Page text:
Kuala Lumpur’s public transport system is extensive and a welcome relief compared with some other Southeast Asia cities of similar size. However, there are still daily traffic jams at peak hours, changing metro lines can involve crossing perilous dual carriageways and pavements can flood after sudden downpours.
Walking is fine for getting around Kuala Lumpur within neighbourhoods such as Chinatown or the Golden Triangle, but longer strolls can prove problematic with immovable obstacles appearing in you path. In general, make the most of the clean, efficient, air conditioned metro wherever possible and take a taxi the rest of the way.
Kuala Lumpur LRT Metro system
Kuala Lumpur’s metro train system consists of three LRT (Light Rail Transit) lines, semicircular KL Monorail and the KTM Komuter for accessing outer north, west and south suburbs. It is an extremely cheap (from RM2) and quick way of getting around Kuala Lumpur although changing lines is laborious (many connections are uncovered putting you at the mercy of the elements) and normally involves purchasing a whole new ticket.
There is now a Touch ‘n Go card (RM10) which is accepted on all lines barring the airport express route. However, distances between stations are pretty minimal so if you are only planning to travel a single stop it may be quicker and easier to walk.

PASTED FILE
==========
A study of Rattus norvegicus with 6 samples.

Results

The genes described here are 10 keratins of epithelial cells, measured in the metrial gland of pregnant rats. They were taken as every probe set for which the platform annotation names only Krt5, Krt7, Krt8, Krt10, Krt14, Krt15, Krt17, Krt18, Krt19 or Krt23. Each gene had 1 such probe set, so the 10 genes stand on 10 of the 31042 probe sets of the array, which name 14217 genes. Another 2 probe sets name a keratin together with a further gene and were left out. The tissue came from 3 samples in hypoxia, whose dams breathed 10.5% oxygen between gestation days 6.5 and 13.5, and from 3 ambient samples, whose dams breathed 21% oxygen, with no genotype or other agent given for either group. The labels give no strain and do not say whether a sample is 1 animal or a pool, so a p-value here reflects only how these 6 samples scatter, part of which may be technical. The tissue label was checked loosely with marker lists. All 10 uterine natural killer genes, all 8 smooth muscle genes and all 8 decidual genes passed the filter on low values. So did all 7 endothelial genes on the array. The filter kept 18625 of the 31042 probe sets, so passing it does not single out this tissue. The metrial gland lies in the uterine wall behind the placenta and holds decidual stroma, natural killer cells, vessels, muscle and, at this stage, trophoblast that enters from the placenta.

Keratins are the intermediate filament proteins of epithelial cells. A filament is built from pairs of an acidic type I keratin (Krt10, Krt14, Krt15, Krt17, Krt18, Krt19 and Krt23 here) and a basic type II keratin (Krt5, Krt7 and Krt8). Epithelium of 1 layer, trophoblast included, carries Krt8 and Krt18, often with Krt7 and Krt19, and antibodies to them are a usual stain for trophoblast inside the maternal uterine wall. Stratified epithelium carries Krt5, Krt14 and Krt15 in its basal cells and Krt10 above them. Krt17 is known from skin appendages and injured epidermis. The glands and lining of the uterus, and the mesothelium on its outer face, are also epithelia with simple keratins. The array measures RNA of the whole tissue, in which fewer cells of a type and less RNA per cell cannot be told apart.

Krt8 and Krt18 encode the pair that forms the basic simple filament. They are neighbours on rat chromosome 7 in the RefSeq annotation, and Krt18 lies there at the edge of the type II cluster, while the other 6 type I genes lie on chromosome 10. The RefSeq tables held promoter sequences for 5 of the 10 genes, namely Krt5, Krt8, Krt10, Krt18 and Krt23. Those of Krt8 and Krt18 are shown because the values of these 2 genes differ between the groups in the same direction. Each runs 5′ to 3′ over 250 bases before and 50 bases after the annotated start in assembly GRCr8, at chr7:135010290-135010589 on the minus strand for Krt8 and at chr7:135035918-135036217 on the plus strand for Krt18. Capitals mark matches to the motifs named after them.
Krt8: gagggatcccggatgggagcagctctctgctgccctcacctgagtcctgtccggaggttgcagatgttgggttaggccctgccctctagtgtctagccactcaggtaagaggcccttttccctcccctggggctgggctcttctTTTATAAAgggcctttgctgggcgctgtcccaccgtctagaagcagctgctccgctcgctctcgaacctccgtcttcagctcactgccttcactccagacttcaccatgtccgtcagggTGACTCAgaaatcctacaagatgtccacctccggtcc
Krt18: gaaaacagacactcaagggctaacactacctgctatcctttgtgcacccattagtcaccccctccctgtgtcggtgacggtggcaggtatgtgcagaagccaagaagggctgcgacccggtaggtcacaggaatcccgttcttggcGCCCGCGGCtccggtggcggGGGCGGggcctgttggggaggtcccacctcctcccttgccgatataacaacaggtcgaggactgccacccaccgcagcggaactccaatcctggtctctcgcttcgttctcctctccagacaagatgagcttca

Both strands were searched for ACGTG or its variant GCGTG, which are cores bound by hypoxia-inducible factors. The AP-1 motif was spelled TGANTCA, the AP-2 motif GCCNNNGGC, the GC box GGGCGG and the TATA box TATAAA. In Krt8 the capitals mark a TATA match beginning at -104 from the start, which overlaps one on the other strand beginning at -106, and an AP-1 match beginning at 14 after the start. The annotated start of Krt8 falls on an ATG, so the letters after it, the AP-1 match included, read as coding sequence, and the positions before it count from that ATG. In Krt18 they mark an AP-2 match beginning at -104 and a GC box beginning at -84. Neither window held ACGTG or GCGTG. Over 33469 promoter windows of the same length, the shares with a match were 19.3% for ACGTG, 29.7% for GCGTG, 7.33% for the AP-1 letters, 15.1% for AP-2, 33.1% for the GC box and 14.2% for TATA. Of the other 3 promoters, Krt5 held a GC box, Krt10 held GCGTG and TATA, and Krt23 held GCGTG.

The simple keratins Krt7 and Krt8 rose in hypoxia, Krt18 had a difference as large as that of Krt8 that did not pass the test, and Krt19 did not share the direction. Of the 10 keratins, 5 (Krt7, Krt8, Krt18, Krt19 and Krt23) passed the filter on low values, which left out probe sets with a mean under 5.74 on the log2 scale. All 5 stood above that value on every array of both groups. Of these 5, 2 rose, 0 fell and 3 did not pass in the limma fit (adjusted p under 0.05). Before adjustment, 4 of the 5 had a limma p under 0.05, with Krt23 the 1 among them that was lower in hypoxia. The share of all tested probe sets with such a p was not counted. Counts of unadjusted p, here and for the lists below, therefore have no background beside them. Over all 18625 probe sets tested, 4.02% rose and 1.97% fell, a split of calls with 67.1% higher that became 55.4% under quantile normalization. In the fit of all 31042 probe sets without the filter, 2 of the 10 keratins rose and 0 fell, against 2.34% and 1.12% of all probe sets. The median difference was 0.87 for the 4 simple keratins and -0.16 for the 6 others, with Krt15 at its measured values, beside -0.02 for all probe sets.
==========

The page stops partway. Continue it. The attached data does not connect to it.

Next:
Don’t be confused by signs on the Kelana Jaya LRT calling it PUTRA, this is the former name of the line, and similarly Ampang and Sri Petaling LRTs is still referred to STAR. Getting between KL Sentral station and the Sentral monorail stop is a fair walk since the linking covered walkway closed.
Head down the stairs and around the parking lot to the left and then cross the main road. And remember, if you get stuck on a broken down train prepare yourself for a long wait. You could be there for hours and KL natives are surprisingly stoic about the occasional, if rare, chance of serious delay.
Taxis in Kuala Lumpur and minicabs
Getting around Kuala Lumpur by taxis is a relatively cheap method of travel and only tempered by cabbies’ reluctance to use their meters and demand a fixed price fare instead. This reprehensible practice is illegal but extremely common in tourist areas and outside the more expensive hotels.
If you want to return to your five star residence, it can be advisable to give the name of the shopping mall next door to avoid being ripped off. If they absolutely refuse to put on the meter then bargain hard about the fare, most journeys should cost no more than RM5. And when traffic is heavy it is sometimes quicker (not to mention cheaper) to take the metro as far as possible and then pick up a cab the rest of the way.
The white and red regular taxicabs start at RM3 and cost around RM1/km after that. However, the premium yellow cabs are slightly more expensive with a RM4 flagfall and a little more per kilometre. Surcharges for baggage (RM1 per piece), radio call (RM2) and so on also apply. It also costs an extra 50 per cent on top of the meter fare after midnight, so you could well be better off bargaining a fixed fare at the start. Prepaid coupon systems are enforced at a few popular destinations such as KL Sentral, airport terminals and Menara KL. These are generally cheaper than bargaining but more expensive than the meter.